Published in The Mercury, 25 August 2017
EVERY Australian, whatever their view on marriage equality, should be concerned when a government is prepared to exceed its powers and act illegally.
In my opinion that’s exactly what the Federal Government is doing right now with the proposed marriage equality postal vote.
That’s why I’ve gone to the High Court of Australia to try and stop what I see as a stunning disregard for proper process and the rule of law.
In essence, the Government has directed the Australian Bureau of Statistics to hold a postal vote asking people their views on marriage equality.
Ballot papers will be sent out from September 12 for an eight-week campaign with the result in November.
The vote will be done without any parliamentary debate, scrutiny or authorisation.
It will cost $122 million, be non-compulsory and the outcome will not be binding on the Parliament.
Voting will not have the normal legislative safeguards against fraud or the need for identity checks, secrecy or secure vote storage and handling.
Moreover, the drawn out postal vote will maximise the opportunity for some people to demonise the LGBTI community.
The filth that’s already been hurled my way, merely for supporting marriage equality and challenging the postal vote, is too putrid to describe.
Joining me as co-plaintiffs in the case against the Commonwealth are Felicity Marlowe and the Parents and Friends of Lesbians and Gays organisation. Felicity is a lesbian mum with three children.
We’ve engaged leading barrister Ron Merkel QC and the Public Interest Advocacy Centre on a no-win, no-fee basis.
Former Tasmanian of the Year, Rodney Croome AM, is involved and he’s done a marvellous job organising the project.
Our case includes that, without parliamentary approval, the Government does not have the power to use public funds to pay for the postal vote.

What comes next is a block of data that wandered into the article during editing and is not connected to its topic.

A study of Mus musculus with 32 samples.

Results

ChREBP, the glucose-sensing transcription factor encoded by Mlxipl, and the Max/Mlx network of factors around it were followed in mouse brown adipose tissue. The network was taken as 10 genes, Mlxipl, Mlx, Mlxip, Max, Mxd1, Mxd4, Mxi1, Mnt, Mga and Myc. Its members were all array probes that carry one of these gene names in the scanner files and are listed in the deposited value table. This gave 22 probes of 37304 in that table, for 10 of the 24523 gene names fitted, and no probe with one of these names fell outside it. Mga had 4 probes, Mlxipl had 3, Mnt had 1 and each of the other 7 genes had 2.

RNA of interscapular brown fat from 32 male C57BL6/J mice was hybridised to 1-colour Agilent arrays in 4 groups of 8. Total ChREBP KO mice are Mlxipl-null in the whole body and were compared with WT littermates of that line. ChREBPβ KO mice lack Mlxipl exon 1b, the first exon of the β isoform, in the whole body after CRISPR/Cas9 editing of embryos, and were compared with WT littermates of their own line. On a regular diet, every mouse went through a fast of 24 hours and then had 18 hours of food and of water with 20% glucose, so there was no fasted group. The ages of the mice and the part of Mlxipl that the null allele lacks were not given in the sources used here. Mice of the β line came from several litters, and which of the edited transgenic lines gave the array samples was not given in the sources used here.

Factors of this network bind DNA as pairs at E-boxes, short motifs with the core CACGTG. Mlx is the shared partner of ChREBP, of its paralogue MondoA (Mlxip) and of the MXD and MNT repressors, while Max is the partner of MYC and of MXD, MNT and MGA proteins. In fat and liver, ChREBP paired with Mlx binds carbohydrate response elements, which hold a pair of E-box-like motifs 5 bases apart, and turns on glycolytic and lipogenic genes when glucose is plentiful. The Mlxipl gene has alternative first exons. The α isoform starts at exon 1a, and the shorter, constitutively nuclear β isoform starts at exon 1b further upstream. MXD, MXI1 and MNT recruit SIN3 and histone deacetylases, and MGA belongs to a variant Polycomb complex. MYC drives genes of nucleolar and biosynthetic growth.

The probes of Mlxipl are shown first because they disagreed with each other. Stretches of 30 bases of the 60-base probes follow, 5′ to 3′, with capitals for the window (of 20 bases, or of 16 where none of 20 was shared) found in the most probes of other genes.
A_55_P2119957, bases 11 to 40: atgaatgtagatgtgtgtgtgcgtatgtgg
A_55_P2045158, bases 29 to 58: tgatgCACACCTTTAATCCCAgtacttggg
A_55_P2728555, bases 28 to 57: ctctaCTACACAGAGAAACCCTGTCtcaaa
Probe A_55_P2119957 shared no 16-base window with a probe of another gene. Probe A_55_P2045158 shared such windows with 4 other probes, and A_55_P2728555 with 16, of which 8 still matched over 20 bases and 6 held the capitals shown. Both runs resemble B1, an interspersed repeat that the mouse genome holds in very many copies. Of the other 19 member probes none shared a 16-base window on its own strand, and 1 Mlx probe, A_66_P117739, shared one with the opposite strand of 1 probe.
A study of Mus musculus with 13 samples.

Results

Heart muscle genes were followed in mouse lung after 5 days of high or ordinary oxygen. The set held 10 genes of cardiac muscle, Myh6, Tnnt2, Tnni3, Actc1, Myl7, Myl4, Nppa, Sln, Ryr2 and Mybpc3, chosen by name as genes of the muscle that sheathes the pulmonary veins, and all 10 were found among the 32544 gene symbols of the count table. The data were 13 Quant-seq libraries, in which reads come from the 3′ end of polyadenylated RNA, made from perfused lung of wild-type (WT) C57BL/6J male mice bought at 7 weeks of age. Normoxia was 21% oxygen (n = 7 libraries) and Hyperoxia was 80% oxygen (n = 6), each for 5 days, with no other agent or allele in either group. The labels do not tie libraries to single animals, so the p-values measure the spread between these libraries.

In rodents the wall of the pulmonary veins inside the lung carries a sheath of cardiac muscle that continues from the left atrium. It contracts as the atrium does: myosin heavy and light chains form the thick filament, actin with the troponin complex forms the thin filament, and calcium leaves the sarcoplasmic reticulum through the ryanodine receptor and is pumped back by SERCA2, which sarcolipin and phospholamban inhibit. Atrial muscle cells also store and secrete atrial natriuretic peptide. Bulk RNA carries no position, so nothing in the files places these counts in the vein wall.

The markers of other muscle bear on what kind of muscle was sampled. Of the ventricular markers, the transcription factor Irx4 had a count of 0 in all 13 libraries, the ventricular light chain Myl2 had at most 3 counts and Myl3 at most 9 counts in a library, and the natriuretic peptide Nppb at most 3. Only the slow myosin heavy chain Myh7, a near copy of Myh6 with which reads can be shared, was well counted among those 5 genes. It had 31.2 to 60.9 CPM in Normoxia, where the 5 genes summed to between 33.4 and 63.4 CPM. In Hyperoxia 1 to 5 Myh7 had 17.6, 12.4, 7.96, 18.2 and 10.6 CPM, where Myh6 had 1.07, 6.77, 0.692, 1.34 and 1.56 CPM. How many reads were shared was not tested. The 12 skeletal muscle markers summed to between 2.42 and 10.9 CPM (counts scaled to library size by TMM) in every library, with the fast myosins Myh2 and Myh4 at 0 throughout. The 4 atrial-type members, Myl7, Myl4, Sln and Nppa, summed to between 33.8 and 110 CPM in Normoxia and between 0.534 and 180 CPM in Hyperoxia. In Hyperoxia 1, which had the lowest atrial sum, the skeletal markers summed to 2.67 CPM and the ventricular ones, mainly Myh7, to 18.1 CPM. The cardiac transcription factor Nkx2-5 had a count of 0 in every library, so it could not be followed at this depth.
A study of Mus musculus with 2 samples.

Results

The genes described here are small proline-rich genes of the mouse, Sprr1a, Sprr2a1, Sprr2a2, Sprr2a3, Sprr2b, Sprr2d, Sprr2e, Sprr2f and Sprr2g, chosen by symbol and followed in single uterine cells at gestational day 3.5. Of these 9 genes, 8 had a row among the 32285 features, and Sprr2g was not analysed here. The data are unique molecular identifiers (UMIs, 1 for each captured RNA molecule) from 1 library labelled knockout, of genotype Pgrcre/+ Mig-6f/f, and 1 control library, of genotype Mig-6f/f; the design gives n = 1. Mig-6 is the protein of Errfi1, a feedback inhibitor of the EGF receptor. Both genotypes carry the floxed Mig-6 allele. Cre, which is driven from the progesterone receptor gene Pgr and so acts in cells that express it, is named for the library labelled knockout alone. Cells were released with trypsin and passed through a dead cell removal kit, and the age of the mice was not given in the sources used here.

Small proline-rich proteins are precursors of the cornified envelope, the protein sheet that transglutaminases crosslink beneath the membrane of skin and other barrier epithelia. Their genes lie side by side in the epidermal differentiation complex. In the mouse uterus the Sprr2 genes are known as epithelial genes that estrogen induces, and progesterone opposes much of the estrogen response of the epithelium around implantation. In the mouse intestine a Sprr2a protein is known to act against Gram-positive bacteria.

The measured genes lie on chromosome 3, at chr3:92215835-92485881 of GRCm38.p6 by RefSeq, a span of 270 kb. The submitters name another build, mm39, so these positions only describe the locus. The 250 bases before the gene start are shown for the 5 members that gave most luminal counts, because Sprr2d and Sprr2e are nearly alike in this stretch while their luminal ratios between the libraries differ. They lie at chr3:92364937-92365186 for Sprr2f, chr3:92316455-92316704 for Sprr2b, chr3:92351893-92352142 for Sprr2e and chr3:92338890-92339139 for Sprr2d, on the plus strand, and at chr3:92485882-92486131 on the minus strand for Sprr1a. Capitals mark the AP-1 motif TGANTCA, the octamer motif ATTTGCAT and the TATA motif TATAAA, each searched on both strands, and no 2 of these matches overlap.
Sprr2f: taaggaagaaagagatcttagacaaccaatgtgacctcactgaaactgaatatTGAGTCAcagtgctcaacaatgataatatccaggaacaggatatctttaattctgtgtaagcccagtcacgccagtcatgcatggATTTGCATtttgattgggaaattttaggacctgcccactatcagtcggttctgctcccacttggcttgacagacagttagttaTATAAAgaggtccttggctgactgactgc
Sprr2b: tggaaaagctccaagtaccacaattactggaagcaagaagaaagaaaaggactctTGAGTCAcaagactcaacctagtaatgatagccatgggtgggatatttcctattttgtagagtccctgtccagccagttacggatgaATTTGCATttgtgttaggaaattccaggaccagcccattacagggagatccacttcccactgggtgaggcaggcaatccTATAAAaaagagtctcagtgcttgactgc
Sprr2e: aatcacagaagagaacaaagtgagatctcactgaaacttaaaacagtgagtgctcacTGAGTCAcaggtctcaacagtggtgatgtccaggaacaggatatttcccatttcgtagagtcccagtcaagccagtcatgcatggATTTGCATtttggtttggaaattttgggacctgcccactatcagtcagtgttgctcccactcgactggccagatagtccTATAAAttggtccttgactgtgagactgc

Readers will recall that the Government’s original attempt to hold a plebiscite had already been rejected twice by the Senate, so the Government has tried to go ahead without parliamentary support.
The Government is attempting to exploit a power under the Appropriations Act (No. 1) 2017-2018 that allows the Finance Minister to make an advance if there is an “urgent” or “unforeseen” need of funds. We’re arguing that the $122 million advance to the ABS is not urgent or unforeseen as the possibility of a postal vote has been discussed for many months.
We’re also arguing that the Government does not have the power to direct the ABS to conduct the postal vote for a number of reasons, including that the opinions being sought are not “statistical information” within the meaning of the Australian Bureau of Statistics Act 1975 or the Census and Statistics Act 1905, and are not considered “statistics” within the meaning of the relevant section of the Constitution.
The opinions also do not qualify under the Census and Statistics Regulations 1916.
The consequence is that the ABS does not have the statutory authority to carry out the postal vote.
There are also questions over the Australian Electoral Commission sharing the electoral roll with the ABS, as well as being involved directly in the vote by being responsible for posting the ballot papers to thousands of silent voters.
So what does all that mean in layman’s terms?
In essence the Government is exceeding its powers by attempting to conduct a postal vote without parliamentary approval, exceeding its powers by attempting to spend $122 million without parliamentary approval and exceeding its powers by directing the ABS to conduct a postal vote.
In other words the High Court challenge is about the power of the executive and what limits apply to that power. Addressing these issues is very much in the public interest and the High Court’s ruling will establish an important precedent for future cases.
It’s still anyone’s guess what the High Court will ultimately decide.
But we had a great start on August 11 when the Chief Justice indicated that the case could be heard urgently on September 5 and 6.
And significantly, the Commonwealth agreed not to distribute ballot papers before September 12.
There is of course another way to deal with marriage equality in Australia, and that’s to allow the Parliament to decide on amending the Marriage Act 1961, exactly as it did in 2004 when it amended the Act to limit marriage to between a man and a woman.
Hopefully I’ll prevail in the High Court and that will cause the Parliament to deal with the matter.
It’s certainly beyond time to put an end to the political game playing and time wasting and for politicians to do their jobs.
It’s time for marriage equality to be put to the Parliament and politicians allowed to vote with their conscience.
In my opinion it’s way beyond time for marriage equality.
The High Court challenge is being funded by donations from ordinary people who also support marriage equality and oppose the postal vote.